A wet and gloomy morning did not stop dozens of racers from coming out to Main Street in downtown Riverhead for the 19th annual Run for the Ridley.
The 5-kilometer race, organized by the Riverhead Foundation for Marine Research and Preservation, aims to raise money for the foundation to go toward its turtle rescues and care during the winter months.
“It’s an opportunity for the public to come enjoy themselves, as well as speak to our volunteers and staff and learn about endangered species and help support the program and the work that we do,” said Kimberly Durham, a marine biologist and rescue program director at the foundation.
She said their hope was to raise around $30,000, but also to raise awareness of the issue of finding sea turtles on the beaches during the winter months. The Kemp’s ridley sea turtle is one that is commonly found in the area and is also an endangered species.
Ms. Durham said a lot of times a turtle can appear dead when someone finds it washed ashore. The cold stunned turtle can often be nursed back to health at the Long Island Aquarium by raising its body temperature.
“The families who find the turtles like this are always amazed when we call them and tell them we brought it back and it’s healthy,” Ms. Durham said.
The money raised from the race goes toward different medical supplies needed to do this kind of work. She said during the winter they usually get around 40 to 50 turtles that they keep in their care until the water gets warm enough for them to go back.
What Ms. Durham said is nice about the race is the variety of people it attracts. The race begins on Main Street, then runners go through the residential neighborhood streets and finish on McDermott Avenue by the aquarium’s back entrance.
Autumn Marble, 15, of Manorville ran the race with her Husky, Ice. She said they run it every year.
“He can run another 10 miles,” she joked.
Autumn said she’s a big animal lover and that’s why she enjoys this race.
“It’s a good thing for them to do for the animals,” she said.
Devyn Fogel, 12, of Woodbury has been a frequent precipitant in the 5K. This year she did a little something different by putting a team together as part of her Bat Mitzvah project. “Team Devyn” was noticeable running through the streets with their bright blue shirts with a white turtle on the front.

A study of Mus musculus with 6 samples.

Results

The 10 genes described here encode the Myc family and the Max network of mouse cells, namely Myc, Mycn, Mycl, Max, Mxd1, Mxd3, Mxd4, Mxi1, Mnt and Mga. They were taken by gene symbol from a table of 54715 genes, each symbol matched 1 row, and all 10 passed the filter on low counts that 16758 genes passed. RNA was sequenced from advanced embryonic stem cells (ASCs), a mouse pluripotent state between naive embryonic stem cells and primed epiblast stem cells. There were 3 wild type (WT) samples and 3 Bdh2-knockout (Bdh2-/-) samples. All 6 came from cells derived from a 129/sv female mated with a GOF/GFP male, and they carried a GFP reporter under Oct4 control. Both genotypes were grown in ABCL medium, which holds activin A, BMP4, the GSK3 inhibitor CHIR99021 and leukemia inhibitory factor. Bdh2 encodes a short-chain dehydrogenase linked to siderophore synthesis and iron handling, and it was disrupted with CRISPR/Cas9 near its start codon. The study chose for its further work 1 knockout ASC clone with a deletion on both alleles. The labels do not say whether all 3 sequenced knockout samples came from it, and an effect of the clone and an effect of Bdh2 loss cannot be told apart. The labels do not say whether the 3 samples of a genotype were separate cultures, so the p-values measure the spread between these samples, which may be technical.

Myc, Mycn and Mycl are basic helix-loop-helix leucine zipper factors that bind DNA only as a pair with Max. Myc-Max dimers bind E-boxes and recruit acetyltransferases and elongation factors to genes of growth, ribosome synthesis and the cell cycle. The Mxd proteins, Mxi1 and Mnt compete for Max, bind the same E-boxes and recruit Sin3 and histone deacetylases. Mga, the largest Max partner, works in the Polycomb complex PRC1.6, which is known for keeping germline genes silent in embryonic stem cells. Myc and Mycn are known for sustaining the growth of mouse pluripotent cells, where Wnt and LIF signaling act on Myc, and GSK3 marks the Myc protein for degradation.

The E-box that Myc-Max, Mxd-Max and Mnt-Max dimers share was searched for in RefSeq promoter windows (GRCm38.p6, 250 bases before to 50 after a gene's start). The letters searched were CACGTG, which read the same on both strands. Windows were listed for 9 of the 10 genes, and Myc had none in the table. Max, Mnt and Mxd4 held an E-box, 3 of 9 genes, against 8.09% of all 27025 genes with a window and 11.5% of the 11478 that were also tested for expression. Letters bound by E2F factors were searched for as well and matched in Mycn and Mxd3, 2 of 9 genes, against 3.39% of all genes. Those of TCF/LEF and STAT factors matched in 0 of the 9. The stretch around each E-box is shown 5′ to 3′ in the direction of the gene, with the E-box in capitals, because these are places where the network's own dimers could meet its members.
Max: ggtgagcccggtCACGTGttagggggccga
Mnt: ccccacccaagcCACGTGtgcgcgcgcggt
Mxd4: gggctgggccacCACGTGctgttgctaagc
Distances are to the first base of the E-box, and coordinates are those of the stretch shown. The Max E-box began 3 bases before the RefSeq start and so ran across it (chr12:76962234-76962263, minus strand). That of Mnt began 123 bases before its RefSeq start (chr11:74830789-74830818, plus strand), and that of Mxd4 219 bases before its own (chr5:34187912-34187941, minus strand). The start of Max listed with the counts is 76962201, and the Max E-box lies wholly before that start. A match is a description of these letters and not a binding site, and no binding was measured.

“I love turtles, so I started this run when I was nine and I’ve done it ever since,” Devyn said.
Her father, Mark, added that his daughter has been following turtles since she was a little girl and he’s proud she was able to get a team together and raise money for something that is important to her.
“It’s a great event. It gets bigger each year,” he said. “People like Devyn who bring teams out here help others to learn about [the cause] every year.”
After the racers cross the finish line they gather back at the aquarium for bagels, raffles, awards and a fan-favorite: clam chowder courtesy of Jerry and the Mermaid, an event sponsor.
Ms. Durham said she happy to have so many sponsors and to have the support from the community to put the race on every year and keep the foundation doing the work it finds so valuable.
“It’s rewarding to get the opportunity to make a difference for an endangered species,” Ms. Durham said. “But also being able to share this story with the public, getting to spread the word and giving back to the environment we live in and the animals that share it.”